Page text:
Galvanized by hopes that the market's worst days are over, investors bought stocks enthusiastically Monday, sending the Dow Jones industrials surging more than 400 points for the second time in four sessions.

The Dow also logged its third-largest one-day point gain.

The stunning advance, which saw the Nasdaq composite index rise more than 60 points, followed the market's first really upbeat week in more than two months. Analysts believe investors, growing less worried about earnings and corporate bookkeeping, are ready to buy again.

After rising more than 420 points, the Dow closed up 447.35, or 5.4 percent, at 8,711.74, according to preliminary calculations. That followed Wednesday's 488.95-point win; it was also the third-highest one-day advance, after the 499.19-point gain of March 16, 2000.

"Investors are just realizing that the market looks pretty cheap today," said John C. Forelli, portfolio manager for Independence Investment LLC in Boston.

"We are so technically oversold, this is a bounce back," said Jeff Kleintop, chief investment strategist at PNC Advisors, which oversees $65 billion. "We were all a little surprised by how there wasn't a lot of selling going into the end of the week. It looks to me like we are working our way through retail investor capitulation, and that's great news."

The broader market was also higher. The Nasdaq composite index rose 67.28, or 5.3 percent, to 1,329.40, having gained 27 on Friday. The Standard & Poor's 500 index advanced 41.83, or 4.9 percent, to 894.67, following Friday's 14-point gain.

Analysts were encouraged by the market's ability to shake off the latest report of accounting problems, this time at Qwest Communications, which said it was restating results for 2000 and 2001. Qwest, which also withdrew its 2002 financial forecast, slipped 3 cents to $1.47 but didn't impede the market's upward progress.

But for the market to sustain an advance, analysts say the bookkeeping scandals must end and companies must be made to face tougher punishments.

The lure of cheap stocks, however, was enough to make investors shrug off the latest accounting problems. Wall Street largely disregarded an announcement from local phone company Qwest Communications International Inc. that it would restate financial results because it improperly booked $1.16 billion.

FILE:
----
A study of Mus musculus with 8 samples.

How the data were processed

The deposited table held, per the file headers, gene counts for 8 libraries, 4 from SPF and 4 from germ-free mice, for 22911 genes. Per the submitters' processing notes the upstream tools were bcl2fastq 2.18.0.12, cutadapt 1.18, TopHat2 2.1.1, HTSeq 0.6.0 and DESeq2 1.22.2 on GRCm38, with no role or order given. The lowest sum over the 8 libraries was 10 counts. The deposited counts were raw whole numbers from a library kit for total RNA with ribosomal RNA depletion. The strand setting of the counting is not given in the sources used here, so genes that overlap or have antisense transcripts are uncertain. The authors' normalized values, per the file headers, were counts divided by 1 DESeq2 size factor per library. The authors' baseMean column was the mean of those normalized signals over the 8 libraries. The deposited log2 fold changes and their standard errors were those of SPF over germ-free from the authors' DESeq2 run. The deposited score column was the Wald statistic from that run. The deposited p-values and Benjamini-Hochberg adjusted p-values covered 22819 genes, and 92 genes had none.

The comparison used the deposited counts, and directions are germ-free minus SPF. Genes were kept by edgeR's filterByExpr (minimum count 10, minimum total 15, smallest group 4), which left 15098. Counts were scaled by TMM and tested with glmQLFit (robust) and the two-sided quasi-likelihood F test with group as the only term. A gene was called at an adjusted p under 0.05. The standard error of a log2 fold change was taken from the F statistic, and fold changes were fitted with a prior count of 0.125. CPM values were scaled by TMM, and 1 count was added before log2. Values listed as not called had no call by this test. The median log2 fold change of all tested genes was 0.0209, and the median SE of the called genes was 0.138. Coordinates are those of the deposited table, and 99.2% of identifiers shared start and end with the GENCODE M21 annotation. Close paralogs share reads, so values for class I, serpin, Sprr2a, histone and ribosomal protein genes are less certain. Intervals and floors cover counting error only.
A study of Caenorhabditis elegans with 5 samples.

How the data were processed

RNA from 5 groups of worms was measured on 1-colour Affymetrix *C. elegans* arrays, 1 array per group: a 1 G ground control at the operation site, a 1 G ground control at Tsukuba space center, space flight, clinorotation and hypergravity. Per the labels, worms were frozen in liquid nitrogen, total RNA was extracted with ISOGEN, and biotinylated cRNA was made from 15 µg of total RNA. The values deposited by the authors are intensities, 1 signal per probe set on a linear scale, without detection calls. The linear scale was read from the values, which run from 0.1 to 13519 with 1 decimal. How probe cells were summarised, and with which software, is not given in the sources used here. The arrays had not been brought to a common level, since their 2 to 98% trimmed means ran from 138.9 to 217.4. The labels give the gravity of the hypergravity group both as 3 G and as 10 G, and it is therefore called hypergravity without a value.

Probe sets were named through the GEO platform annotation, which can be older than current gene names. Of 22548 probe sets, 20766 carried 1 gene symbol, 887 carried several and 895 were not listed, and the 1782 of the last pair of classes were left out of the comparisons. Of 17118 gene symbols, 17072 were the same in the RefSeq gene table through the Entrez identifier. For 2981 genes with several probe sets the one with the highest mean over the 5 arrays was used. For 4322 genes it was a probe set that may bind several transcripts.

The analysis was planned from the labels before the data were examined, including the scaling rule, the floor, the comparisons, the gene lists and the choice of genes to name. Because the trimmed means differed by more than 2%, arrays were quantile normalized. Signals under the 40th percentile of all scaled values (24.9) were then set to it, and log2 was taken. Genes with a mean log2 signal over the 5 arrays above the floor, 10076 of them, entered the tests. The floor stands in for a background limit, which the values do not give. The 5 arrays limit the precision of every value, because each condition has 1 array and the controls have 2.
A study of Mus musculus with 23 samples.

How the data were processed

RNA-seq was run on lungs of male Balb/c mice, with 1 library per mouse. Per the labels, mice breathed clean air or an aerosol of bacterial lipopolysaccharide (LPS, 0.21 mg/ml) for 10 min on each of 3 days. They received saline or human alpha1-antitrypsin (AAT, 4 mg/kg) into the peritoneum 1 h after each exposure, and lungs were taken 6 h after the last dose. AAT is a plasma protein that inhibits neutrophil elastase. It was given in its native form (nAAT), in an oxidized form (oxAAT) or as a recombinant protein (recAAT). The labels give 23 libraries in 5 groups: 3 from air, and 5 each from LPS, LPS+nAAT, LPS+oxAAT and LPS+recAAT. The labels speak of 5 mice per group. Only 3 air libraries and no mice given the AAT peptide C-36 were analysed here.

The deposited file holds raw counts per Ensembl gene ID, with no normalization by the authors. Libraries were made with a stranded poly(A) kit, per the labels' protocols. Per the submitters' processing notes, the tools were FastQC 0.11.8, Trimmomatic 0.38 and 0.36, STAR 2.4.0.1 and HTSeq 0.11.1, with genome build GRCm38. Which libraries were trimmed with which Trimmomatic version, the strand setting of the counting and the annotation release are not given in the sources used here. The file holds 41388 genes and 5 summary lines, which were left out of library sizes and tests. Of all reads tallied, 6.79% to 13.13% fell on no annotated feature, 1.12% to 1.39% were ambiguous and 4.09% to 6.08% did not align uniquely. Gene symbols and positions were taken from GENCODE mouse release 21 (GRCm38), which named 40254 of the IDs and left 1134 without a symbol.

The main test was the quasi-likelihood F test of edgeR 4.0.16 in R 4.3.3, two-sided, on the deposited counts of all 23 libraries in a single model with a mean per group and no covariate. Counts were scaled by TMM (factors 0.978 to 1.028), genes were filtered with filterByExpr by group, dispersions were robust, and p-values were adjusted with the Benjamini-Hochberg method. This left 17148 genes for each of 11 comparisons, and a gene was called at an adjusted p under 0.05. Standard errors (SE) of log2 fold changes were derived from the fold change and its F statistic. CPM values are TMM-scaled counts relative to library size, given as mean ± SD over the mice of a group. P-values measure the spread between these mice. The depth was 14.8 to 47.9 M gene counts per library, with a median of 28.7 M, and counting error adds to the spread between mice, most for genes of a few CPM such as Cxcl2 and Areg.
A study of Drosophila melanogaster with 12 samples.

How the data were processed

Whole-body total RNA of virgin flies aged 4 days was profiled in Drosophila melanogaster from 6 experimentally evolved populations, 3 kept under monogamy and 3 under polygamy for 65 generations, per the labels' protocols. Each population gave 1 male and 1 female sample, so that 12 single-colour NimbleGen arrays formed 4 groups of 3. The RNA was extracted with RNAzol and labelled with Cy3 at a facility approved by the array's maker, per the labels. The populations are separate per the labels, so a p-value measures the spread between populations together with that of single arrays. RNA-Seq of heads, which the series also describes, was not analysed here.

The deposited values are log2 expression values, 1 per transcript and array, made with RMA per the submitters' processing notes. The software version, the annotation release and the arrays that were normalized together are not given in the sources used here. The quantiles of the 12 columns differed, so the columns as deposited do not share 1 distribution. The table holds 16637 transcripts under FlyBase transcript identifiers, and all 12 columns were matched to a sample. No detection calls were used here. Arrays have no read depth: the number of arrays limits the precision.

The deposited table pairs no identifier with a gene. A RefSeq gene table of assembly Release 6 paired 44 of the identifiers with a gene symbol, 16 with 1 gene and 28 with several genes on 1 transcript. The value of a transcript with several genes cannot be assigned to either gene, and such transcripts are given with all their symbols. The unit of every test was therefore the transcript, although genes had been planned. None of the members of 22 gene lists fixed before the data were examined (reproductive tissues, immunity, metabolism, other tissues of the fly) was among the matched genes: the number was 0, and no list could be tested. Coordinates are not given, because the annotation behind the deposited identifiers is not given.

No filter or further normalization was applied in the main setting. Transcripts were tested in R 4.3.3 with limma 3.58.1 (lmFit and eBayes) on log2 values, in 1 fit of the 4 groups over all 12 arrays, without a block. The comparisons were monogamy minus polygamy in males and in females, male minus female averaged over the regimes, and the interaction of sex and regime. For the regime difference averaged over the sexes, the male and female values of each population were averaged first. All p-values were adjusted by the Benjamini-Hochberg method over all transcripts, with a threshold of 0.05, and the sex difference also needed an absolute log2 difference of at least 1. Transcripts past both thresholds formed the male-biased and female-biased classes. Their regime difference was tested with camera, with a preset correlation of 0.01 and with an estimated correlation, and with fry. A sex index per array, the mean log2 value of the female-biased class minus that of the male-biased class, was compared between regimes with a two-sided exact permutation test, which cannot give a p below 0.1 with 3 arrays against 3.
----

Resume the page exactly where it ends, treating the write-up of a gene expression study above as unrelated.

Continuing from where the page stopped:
Some market observes said they were concerned the market was going from cheap to pricey too quickly. Since Tuesday, when the Dow suffered a four-session loss of 840.14 and closed at 7,7702.34, the Dow has gained about 900 points.

"You have to be pretty quick to take your gains, and not assume the market is going to go straight up," said Susan L. Malley, chief investment officer for Malley Associates Capital Management.

Monday's gains were seen across most market sectors, in keeping with how widespread the recent sell-off had been.

IBM climbed $4.09 to $70.49, General Motors advanced $2.48 to $45.53, and Citigroup rose $2.41 to $33.15.

Cardinal Health rose $3.45 to $55.95 on after Credit Suisse First Boston upgraded it to "strong buy" from "buy."

Retailers were also among Monday's winners with Williams-Sonoma rising $2.49 to $26.05 on an upgrade to "buy" from "market perform" by Lehman Brothers. Tommy Hilfiger advanced $1.18 to $13.38 on fiscal first-quarter earnings that were 3 cents higher a share than expectations.

Analysts say investors are starting to feel more comfortable about buying stocks after pummeling prices to five-year lows over the past 10 weeks. But analysts caution that the market will have a difficult time holding its gains until earnings outlooks sufficiently improve and accounting becomes more dependable.

"It has been a trading market, and it will probably still be a trading market. It won't be straight up," Malley said. "We're still going to have lots of bumps."

Advancing issues outnumbered decliners more than 4 to 1 on the New York Stock Exchange. Volume came to 1.38 billion shares, compared with 1.39 billion traded at the same point Friday.

The Russell 2000 index, the barometer of smaller company stocks, rose 16.30, or 4.3 percent, to 398.56.

Overseas, markets were higher Monday Japan's Nikkei stock average closing up 0.8 percent. Stocks rose sharply in Europe. France's CAC-40 surged 7.0 percent, Britain's FTSE 100 climbed 4.6 percent, and Germany's DAX index soared nearly 7.9 percent.